If You Have Symptoms, Call 9-1-1
Diagnosis and treatment of a heart attack can begin when emergency personnel arrive after you call 9-1-1. Do not put off calling 9-1-1 because you are not sure if you are having a heart attack. Call right away.
At the hospital emergency room, doctors will work fast to find out if you are having or have had a heart attack. They will consider your symptoms, medical and family history, and test results. Initial tests will be quickly followed by treatment if you are having a heart attack.
Tests used in diagnosing a heart attack include
- an electrocardiogram
- blood tests
- cardiac catheterization
- and coronary angiography.
An electrocardiogram, also known as ECG or EKG, is used to measure the rate and regularity of your heartbeat. Learn more about electrocardiograms.
Blood tests are also used in diagnosing a heart attack. When cells in the heart die, they release proteins into the blood. They are called markers or biomarkers. Measuring the amount of these proteins in the blood can show how much damage was done to your heart. Doctors often repeat these tests to check for changes.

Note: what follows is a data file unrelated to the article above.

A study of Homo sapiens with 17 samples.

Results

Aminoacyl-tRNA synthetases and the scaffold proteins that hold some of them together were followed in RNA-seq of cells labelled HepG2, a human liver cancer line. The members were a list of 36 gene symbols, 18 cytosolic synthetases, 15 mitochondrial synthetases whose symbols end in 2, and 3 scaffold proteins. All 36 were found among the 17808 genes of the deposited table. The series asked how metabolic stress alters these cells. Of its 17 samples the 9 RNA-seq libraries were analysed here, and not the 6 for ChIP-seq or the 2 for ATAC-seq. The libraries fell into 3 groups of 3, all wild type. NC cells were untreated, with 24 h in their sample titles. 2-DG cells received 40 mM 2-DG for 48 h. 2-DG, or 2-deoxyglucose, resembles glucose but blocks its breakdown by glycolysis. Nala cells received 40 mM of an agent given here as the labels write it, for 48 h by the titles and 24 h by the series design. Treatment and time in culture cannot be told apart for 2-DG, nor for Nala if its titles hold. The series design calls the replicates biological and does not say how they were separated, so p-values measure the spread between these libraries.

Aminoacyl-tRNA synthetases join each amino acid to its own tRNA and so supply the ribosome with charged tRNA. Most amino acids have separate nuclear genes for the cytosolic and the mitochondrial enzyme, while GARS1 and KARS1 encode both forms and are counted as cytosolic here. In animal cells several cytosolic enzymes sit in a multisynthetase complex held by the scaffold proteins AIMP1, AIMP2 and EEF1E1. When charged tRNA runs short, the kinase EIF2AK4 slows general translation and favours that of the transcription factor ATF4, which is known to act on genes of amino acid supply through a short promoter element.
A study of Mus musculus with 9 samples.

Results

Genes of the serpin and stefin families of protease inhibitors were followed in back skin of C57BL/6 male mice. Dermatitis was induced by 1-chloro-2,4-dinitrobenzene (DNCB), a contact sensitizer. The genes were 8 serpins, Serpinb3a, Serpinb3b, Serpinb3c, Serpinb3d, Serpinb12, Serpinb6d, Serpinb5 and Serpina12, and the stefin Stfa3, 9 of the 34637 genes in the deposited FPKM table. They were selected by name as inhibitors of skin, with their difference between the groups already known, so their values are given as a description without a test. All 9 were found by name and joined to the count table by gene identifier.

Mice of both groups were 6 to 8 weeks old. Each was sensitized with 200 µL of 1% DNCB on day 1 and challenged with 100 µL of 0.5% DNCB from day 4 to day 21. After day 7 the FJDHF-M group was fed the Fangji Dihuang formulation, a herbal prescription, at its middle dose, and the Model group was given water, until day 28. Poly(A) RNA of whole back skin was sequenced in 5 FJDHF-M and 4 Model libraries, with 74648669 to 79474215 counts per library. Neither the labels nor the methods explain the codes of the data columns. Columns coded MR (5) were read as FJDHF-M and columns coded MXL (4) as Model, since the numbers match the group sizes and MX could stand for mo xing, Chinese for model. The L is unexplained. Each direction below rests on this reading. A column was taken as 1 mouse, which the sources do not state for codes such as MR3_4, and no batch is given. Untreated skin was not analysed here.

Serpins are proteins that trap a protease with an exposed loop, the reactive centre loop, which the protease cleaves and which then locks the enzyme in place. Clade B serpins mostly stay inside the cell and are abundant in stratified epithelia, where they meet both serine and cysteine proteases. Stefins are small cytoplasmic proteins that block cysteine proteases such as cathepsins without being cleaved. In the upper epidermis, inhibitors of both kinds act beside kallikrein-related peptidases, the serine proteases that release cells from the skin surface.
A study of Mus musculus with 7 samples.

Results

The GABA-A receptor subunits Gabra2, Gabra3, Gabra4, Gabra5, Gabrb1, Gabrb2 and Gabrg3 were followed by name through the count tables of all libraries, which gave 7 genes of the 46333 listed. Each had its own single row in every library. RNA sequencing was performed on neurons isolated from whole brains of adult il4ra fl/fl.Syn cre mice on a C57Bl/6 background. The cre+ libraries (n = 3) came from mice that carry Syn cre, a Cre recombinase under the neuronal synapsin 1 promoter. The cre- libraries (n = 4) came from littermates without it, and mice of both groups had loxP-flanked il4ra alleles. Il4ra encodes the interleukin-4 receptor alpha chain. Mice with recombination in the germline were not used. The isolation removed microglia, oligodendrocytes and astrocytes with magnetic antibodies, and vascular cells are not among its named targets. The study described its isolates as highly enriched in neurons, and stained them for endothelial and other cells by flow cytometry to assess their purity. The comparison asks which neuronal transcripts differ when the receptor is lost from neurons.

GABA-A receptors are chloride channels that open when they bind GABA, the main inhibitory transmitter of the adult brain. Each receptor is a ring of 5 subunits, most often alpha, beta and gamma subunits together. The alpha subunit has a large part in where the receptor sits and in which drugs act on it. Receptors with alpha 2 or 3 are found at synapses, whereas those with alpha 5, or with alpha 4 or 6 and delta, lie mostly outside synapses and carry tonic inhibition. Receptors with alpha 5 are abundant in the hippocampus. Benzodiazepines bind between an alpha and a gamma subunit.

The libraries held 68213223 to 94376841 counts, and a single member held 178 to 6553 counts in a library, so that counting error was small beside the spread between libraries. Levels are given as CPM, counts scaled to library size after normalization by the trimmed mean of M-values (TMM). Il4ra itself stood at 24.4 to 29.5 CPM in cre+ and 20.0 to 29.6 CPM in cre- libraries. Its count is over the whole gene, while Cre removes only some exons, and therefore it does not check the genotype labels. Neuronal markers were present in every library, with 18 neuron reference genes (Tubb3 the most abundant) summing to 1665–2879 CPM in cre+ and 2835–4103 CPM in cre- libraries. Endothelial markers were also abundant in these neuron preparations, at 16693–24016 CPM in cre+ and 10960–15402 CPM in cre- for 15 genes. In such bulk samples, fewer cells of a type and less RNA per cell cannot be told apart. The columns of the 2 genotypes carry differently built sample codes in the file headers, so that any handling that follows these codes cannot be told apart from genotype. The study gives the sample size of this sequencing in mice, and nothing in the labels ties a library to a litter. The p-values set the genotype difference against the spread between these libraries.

In cardiac catheterization, a thin, flexible tube is passed through an artery in your groin, arm, or neck to reach the coronary arteries. The tube is used to get dye into coronary arteries. Learn more about cardiac catheterizations.
Coronary angiography is usually done with the cardiac catheterization. Special x rays are taken while the dye is flowing through the coronary arteries. The dye lets the doctor see the flow of blood through the heart and blood vessels. Coronary angiography shows where there are blockages and how severe they are. Learn more about coronary angiography.